New book cataloguing system launched in schools
by Elaine Attard

A new book cataloguing system, which will be used by all school libraries in Malta, was launched at the Giovanni Curmi Higher Secondary School in Naxxar, yesterday.

The library management system called OLIVER, allows users, staff and students alike, to browse through lists of books, reserve books, find out whether the books needed are on loan or available and informs the users whether any new books were added to the database.

The dream to have a central unified catalogue of all the school libraries started to materialise five years ago, explained veteran library teacher Joseph Boffa who, although has retired from teaching, has gone on giving a voluntary service in school libraries.

So far, 17 schools form part of the expanding project. More schools will have the opportunity to catalogue their books.

The system is open to all schools and educational establishments in Malta and Gozo. Currently the database contains more than 108,000 books and over 58,000 titles. New ones are inputted on a daily basis. A number of CDs and DVDs are also included. Everyone can access the database using the address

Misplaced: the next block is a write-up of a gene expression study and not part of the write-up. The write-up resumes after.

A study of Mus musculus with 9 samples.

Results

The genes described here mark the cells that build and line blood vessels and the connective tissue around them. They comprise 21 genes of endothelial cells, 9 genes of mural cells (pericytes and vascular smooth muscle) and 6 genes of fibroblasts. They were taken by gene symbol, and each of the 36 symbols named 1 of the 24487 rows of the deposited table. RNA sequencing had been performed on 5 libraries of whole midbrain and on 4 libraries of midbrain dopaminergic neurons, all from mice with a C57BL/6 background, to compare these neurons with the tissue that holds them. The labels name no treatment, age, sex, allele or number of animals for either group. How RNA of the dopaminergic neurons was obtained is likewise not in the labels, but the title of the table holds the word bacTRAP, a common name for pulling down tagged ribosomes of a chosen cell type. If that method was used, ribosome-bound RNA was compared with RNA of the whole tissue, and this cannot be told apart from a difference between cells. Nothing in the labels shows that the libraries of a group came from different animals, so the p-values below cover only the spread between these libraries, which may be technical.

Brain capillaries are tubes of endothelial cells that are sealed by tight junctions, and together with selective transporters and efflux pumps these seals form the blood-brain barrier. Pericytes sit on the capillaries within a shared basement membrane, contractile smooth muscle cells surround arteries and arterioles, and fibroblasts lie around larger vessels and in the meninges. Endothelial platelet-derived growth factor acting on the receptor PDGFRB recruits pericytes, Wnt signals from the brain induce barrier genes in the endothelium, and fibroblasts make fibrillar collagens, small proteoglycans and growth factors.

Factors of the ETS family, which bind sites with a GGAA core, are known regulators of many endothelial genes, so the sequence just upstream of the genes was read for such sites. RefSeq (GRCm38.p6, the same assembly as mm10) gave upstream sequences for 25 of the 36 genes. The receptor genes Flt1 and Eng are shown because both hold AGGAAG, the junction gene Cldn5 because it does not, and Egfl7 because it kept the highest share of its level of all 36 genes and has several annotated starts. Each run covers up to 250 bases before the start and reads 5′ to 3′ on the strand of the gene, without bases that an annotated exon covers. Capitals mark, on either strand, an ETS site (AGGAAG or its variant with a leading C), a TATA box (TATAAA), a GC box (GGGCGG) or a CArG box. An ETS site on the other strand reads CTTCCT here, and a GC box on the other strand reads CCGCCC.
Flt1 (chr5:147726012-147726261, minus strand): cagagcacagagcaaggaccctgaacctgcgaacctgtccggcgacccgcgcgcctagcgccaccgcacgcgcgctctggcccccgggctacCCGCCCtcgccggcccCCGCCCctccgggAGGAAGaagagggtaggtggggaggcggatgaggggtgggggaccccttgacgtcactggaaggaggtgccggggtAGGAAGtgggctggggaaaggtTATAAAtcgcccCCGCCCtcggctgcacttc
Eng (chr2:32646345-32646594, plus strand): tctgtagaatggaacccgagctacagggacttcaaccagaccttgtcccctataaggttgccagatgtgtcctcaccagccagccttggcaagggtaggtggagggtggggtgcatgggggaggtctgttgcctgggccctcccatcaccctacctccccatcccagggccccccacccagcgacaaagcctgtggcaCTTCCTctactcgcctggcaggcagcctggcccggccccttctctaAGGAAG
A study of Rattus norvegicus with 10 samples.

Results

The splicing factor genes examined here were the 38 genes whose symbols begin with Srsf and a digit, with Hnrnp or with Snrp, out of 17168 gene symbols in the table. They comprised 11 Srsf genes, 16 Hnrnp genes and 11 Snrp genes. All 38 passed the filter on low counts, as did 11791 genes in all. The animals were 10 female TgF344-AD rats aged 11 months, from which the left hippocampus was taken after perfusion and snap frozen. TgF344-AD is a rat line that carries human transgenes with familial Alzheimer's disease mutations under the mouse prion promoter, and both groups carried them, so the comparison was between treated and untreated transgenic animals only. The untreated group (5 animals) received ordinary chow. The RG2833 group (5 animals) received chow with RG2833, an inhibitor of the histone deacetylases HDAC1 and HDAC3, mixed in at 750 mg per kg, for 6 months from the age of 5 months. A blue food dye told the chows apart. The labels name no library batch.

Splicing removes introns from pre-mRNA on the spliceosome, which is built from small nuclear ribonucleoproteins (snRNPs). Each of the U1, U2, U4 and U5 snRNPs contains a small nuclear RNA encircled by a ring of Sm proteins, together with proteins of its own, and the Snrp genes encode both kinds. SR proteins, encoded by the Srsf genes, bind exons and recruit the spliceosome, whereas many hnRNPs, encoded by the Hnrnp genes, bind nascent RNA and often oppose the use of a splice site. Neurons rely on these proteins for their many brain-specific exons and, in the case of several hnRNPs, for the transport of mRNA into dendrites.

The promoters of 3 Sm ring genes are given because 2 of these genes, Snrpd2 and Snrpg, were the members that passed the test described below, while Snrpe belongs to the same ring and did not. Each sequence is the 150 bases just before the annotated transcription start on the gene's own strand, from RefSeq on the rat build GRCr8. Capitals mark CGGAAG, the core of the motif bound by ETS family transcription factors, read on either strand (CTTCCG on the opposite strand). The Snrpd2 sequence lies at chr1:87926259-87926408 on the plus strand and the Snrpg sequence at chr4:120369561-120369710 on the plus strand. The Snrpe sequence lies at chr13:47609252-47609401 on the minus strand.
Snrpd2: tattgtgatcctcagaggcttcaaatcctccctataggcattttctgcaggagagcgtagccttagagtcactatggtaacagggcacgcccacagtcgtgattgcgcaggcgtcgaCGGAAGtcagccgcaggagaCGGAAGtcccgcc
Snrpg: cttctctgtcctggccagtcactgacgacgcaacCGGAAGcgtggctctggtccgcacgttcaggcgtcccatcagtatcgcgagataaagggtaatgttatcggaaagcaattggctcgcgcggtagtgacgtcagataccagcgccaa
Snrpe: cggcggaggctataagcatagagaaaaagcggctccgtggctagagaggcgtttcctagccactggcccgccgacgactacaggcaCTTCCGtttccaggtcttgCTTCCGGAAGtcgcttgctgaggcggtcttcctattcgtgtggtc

The system is user friendly and has a special catalogue interface for primary school children called OLLY. It uses colours and pictures to encourage younger readers to explore it.

Education Minister Dolores Cristina had words of praise for Mr Boffa who dedicates his time to improve school libraries. She said that the new cataloguing system is the perfect example of how technological and traditional methods of learning can be combined towards a way forward. Around €100,000 was budgeted to buy new library books this year, she said, and around €9,000 will be used to buy reading material for people with special needs. After appealing to publishers and other individuals to donate books, she pointed out that the ministry donated two books to each school on the history of education in Malta. One book was about the history of the Malta Union of Teachers (MUT) and the other one on key Maltese educators.

Like Oliver Twist who wanted more and more food, children should develop a love towards reading to read and read more, concluded the minister.